Materiality and Writing Studies: Reflections from the Authors - NCTE

This post was written by NCTE members Holly Hassel and Cassie Phillips.

 

We are excited that Materiality and Writing Studies: Aligning Labor, Teaching, and Scholarship (2022) is now available from the CCCC Studies in Writing & Rhetoric (SWR) series. We have been working on this project for nearly five years, starting when we were both mid-career professors at the former University of Wisconsin Colleges, the two-year college system for the state of Wisconsin. The mission of the UW Colleges was to realize the “Wisconsin Idea,” bringing the resources of the UW System all throughout the state. Our campuses were intended to be accessible bridges to the larger UW campuses, and our open admissions made us an avenue for students trying out college and who wanted an affordable, local, accessible option for pursuing their postsecondary educational goals.

We wrote this book because we spent many years looking for ways to establish an effective writing program and improve our teaching.

We found that there were few resources that reflected the material realities and the needs of our students and our instructors. In addition, much of the research we relied upon to inform our work did not reflect our access environment, so we began to ask how we could make clear to our field that there was a huge gap between perceptions of the field of writing studies and the material realities of those who teach in it.

The result is this book project—the four chapters in the book focus on making connections between the areas that make up the field of writing studies: material conditions (the job market, employment prospects, and labor); scholarship (the research published in several major writing studies journals over a nearly 20-year period); and teaching (drawing from a multi-year study of students in a series of developmental and first-year reading and writing courses in campuses across the state). Strategically establishing a network across these three areas, our fourth chapter seeks to make recommendations that will bring those often disparate areas into alignment for the benefit of students, teachers, programs, and professional associations.

We think Materiality and Writing Studies will be of interest to a lot of different kinds of readers. For graduate students, the book will provide insights into areas of the field that can only be seen through years of experience and systematic examination. In essence, MWS is a snapshot or quick start guide to understanding labor trends in the field (including the kinds of positions that most instructors work in), into a history of scholarship across several major writing studies journals, and a deep look at the students at open-access institutions and their literacy needs. Readers who are just entering the field will find this book gives them a different picture, perhaps, than ones they have encountered in their graduate-degree granting institution.

Readers who are new to two-year colleges or access institutions, as well, whether in instructor positions or leadership roles, may find there are new insights to be gained about the experiences of students in their writing and reading classrooms. What we and others experienced moving from a university setting to an open-admissions two-year college setting was a learning curve, one that required us to re-set what we thought we knew about college writing programs, courses, and students. MWS can be part of helping new instructors bridge the gap between their prior teaching experiences and the distinct environments of two-year college writing and reading programs in the first-year of college  which are more expansive, more diverse, and more complex than university writing programs.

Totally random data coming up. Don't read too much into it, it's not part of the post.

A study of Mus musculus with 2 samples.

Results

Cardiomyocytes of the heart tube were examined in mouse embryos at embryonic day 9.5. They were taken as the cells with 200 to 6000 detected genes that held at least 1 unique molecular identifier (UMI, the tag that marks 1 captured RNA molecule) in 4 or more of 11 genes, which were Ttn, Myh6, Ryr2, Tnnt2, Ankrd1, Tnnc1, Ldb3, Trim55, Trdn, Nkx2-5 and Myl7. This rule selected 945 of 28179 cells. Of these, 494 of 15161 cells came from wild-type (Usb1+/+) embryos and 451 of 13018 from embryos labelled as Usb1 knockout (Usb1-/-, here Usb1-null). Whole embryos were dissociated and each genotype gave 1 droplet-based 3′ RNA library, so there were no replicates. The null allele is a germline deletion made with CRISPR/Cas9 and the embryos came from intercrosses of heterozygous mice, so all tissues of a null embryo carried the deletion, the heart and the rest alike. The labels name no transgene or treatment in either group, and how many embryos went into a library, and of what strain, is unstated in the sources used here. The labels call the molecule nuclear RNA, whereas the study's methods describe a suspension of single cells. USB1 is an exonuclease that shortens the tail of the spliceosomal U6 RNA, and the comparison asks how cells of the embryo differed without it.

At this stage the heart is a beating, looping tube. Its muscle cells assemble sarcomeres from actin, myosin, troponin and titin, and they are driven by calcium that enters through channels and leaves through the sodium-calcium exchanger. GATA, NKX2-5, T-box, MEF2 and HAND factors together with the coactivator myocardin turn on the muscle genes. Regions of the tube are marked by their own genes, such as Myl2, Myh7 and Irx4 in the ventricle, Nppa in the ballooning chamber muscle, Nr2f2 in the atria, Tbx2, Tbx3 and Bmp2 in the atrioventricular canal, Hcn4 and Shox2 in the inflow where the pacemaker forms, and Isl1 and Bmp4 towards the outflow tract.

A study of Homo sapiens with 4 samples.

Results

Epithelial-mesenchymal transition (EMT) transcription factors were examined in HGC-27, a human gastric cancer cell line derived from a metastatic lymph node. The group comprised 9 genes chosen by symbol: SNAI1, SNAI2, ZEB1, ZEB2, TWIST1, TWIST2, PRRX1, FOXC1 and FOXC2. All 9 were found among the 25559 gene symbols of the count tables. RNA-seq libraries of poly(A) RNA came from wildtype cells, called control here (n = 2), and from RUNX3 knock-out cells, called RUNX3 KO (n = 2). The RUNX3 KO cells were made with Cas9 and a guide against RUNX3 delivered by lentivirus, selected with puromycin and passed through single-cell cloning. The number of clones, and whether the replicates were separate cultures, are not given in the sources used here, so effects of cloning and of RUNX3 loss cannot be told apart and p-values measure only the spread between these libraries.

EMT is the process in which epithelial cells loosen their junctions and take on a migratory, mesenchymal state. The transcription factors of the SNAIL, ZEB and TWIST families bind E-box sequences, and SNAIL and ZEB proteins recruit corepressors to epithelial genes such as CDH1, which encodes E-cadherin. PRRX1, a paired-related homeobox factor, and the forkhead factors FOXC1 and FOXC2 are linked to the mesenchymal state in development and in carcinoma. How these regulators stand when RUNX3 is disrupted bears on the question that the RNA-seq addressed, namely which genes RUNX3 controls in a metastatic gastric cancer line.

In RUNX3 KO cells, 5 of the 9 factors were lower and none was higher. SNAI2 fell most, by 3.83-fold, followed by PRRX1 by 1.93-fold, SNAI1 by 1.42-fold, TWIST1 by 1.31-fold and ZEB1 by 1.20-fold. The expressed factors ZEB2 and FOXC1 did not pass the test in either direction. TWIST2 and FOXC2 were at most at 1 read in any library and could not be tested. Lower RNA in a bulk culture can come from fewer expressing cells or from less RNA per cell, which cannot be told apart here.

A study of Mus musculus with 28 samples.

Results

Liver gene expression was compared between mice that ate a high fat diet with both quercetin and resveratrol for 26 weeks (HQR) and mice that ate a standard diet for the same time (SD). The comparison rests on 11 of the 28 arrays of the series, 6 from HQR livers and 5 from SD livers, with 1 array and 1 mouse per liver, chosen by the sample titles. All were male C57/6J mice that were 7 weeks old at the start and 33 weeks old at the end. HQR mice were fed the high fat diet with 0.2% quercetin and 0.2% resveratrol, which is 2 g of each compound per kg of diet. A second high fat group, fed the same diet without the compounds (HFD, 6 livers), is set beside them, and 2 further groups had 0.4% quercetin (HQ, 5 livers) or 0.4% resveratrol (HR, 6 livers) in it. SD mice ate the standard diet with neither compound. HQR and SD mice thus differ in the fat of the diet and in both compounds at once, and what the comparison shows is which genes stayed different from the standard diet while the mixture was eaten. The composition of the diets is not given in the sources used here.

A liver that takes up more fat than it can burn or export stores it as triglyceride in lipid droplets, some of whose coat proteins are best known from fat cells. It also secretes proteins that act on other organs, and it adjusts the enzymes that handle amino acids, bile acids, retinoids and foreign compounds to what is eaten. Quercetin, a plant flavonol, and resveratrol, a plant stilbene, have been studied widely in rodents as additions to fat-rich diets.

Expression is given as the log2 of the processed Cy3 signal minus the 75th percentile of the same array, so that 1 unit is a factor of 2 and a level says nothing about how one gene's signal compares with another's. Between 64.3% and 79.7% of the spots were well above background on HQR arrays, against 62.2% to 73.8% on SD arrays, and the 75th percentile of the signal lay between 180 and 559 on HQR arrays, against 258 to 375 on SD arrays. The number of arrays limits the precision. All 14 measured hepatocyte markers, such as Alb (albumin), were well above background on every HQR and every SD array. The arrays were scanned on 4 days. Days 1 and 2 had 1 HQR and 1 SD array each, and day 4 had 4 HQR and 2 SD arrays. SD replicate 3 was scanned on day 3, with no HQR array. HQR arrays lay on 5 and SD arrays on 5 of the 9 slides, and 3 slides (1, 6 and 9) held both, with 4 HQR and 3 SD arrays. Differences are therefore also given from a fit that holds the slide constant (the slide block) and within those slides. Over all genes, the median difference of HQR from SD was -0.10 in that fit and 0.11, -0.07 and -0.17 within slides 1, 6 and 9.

For faculty at universities, particularly those with graduate programs, we hope that the book fills the gap that we had experienced (and that we document) between the training that is provided to new graduate student teachers and the working environment at institutions that are dissimilar to those research-intensive and graduate-program campuses. MWS will give readers a wide picture of what a career as a writing teacher looks like. We wrote this book because we want research-focused faculty in writing studies to be inspired to look critically at their own curriculums, and at their own writing and research projects.

As we document in the book, there is a wide gap between the scholarship published in major journals that aligns with/meets the needs of teachers in the lower division and those who teach at open-access/two-year colleges where the primary work is helping students transition to college literacies.

This is different work, categorically, than teaching at a selective university with well-prepared students whose intentions were always to go away to college. Materiality and Writing Studies is a book that can be part of understanding a fuller picture of college writers today.

 

Holly Hassel is a professor of English and director of first-year writing at North Dakota State University in Fargo, North Dakota. She graduated with her PhD from the University of Nebraska-Lincoln in 2002 and taught for 16 years at the University of Wisconsin-Marathon County, a two-year campus of the state-wide institution, University of Wisconsin Colleges. She is past editor of Teaching English in the Two-Year College (2016-2020). Since 1996, she has primarily taught first-year writing. She currently serves as chair of the Conference on College Composition and Communication.

Cassie Phillips is a professor of English at the University of Wisconsin-Milwaukee at Waukesha. She also serves as the writing program and developmental English coordinator for the College of General Studies at the University of Wisconsin-Milwaukee. She graduated with her PhD from the University of Louisville in 2000, and has since been working for the UW System, primarily focused on first-year and developmental writing.